China’s central bank unexpectedly lowered its lending rates for long-term loans, a move that is set to prop up lending to the property market.
The five-year loan prime rate, or LPR, the benchmark for mortgage rates, was lowered by a record 15 basis points to 4.45 percent from 4.60 percent, the People’s Bank of China said Friday. This was the second reduction this year.
At the same time, the one-year LPR was retained at 3.70 percent. The previous change in this rate was a five basis points cut in January.
The reduction in the five-year LPR was unexpected as the medium-term lending facility rate, the forerunner of LPR, was kept unchanged earlier this month.
The cut in LPR came after the floor on mortgage rates for first-time buyers were reduced over the weekend.
The LPR is fixed monthly based on the submission of 18 banks, though Beijing has influence over the rate-setting. This lending rate replaced the central bank’s traditional benchmark lending rate in August 2019.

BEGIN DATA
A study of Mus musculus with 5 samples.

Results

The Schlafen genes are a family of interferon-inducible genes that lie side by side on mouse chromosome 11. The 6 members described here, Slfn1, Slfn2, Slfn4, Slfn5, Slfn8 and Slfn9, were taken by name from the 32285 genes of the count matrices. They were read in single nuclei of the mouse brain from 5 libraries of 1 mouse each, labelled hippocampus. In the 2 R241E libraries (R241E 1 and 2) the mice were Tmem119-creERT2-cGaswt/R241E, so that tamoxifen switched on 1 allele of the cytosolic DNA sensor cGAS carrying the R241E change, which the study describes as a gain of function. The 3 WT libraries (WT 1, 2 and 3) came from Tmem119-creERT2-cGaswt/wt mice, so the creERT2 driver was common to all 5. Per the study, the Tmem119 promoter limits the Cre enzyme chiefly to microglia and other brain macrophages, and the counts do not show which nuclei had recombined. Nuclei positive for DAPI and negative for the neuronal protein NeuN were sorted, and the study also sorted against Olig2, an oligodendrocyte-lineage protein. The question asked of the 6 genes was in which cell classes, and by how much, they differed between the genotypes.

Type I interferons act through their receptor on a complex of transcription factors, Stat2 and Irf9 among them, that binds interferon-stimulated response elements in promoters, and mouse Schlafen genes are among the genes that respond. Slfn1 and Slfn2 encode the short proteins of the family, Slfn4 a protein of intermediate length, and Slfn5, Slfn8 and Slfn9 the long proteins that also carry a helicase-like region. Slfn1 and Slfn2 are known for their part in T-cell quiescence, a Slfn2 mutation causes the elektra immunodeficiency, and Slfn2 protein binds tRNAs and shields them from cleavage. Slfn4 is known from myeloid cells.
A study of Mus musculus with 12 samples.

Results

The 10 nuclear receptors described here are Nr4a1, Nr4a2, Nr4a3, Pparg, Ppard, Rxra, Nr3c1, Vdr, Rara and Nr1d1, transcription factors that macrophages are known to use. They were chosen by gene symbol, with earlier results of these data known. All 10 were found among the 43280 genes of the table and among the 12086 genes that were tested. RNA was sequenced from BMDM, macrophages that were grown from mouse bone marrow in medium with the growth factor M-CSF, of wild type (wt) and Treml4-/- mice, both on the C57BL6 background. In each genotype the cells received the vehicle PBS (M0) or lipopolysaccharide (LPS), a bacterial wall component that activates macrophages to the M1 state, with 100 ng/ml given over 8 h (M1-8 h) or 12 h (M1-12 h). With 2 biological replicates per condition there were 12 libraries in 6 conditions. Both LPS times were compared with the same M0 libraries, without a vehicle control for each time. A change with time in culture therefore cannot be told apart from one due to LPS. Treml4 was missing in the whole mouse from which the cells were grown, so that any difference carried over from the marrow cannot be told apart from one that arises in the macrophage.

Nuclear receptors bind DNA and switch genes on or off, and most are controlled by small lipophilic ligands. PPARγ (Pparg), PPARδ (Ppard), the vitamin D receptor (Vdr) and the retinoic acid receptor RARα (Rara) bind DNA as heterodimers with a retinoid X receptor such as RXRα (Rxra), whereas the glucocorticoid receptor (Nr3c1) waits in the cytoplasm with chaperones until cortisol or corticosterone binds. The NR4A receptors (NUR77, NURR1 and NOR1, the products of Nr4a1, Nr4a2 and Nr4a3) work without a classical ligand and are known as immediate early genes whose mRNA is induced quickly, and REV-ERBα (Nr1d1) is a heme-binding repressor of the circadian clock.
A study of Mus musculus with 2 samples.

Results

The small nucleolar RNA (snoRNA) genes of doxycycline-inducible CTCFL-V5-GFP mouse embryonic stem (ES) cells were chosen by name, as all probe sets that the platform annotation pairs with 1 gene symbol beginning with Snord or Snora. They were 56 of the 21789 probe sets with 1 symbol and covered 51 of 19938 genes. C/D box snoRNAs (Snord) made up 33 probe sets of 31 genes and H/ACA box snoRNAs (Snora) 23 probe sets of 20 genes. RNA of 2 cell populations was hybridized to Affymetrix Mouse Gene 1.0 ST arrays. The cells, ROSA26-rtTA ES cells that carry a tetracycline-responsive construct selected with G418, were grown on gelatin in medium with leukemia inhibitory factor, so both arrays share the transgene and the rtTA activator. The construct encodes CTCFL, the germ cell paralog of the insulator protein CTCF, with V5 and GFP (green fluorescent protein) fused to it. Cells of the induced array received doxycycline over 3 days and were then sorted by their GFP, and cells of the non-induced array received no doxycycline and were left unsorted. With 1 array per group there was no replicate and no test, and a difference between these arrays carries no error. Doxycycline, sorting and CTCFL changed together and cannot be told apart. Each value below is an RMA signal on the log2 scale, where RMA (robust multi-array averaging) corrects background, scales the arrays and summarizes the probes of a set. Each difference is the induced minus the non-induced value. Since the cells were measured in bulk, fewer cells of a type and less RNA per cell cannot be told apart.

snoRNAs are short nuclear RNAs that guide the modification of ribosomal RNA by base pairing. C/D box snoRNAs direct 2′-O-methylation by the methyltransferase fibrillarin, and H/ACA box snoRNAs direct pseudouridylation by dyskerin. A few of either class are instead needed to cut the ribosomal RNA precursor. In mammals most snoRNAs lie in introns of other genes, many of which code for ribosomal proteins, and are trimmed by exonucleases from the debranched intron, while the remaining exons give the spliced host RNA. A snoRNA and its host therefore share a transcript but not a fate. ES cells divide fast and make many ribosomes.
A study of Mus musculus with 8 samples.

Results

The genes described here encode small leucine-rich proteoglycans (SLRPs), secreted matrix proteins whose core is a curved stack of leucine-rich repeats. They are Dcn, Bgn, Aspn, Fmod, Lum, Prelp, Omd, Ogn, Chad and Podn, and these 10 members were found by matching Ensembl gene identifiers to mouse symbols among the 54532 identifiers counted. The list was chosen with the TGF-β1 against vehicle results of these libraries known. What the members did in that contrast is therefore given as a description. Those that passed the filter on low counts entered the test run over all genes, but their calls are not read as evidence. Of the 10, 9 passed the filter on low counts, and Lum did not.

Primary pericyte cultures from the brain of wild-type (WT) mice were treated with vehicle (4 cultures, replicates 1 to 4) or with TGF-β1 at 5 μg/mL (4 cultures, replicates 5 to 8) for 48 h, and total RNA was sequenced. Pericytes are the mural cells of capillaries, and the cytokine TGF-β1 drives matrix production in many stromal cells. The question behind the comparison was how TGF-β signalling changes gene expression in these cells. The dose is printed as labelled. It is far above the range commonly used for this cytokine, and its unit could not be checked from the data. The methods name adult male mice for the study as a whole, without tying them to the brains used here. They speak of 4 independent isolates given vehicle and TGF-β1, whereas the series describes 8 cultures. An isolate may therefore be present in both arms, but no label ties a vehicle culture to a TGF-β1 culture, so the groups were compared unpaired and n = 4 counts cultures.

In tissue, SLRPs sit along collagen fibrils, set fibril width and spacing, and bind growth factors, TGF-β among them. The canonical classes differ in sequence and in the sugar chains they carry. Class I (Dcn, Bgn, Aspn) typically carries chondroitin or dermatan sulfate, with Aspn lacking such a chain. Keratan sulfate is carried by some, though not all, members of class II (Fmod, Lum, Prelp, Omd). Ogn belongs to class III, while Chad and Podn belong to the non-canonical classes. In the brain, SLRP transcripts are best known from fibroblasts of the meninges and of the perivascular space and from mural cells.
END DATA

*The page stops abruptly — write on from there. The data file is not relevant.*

The combination of lower mortgage rates and reduced downpayment requirements lay the groundwork for a revival in housing demand, economists at Capital Economics said.
“The lack of any reduction to the one-year LPR suggests that the PBOC is trying to keep easing targeted and that we shouldn’t expect large-scale stimulus of the kind that we saw in 2020,” they added.
Official data earlier showed that bank lending declined sharply in April as Covid lockdowns disrupted economic activity. Banks extended CNY 645.4 billion in new yuan loans in April.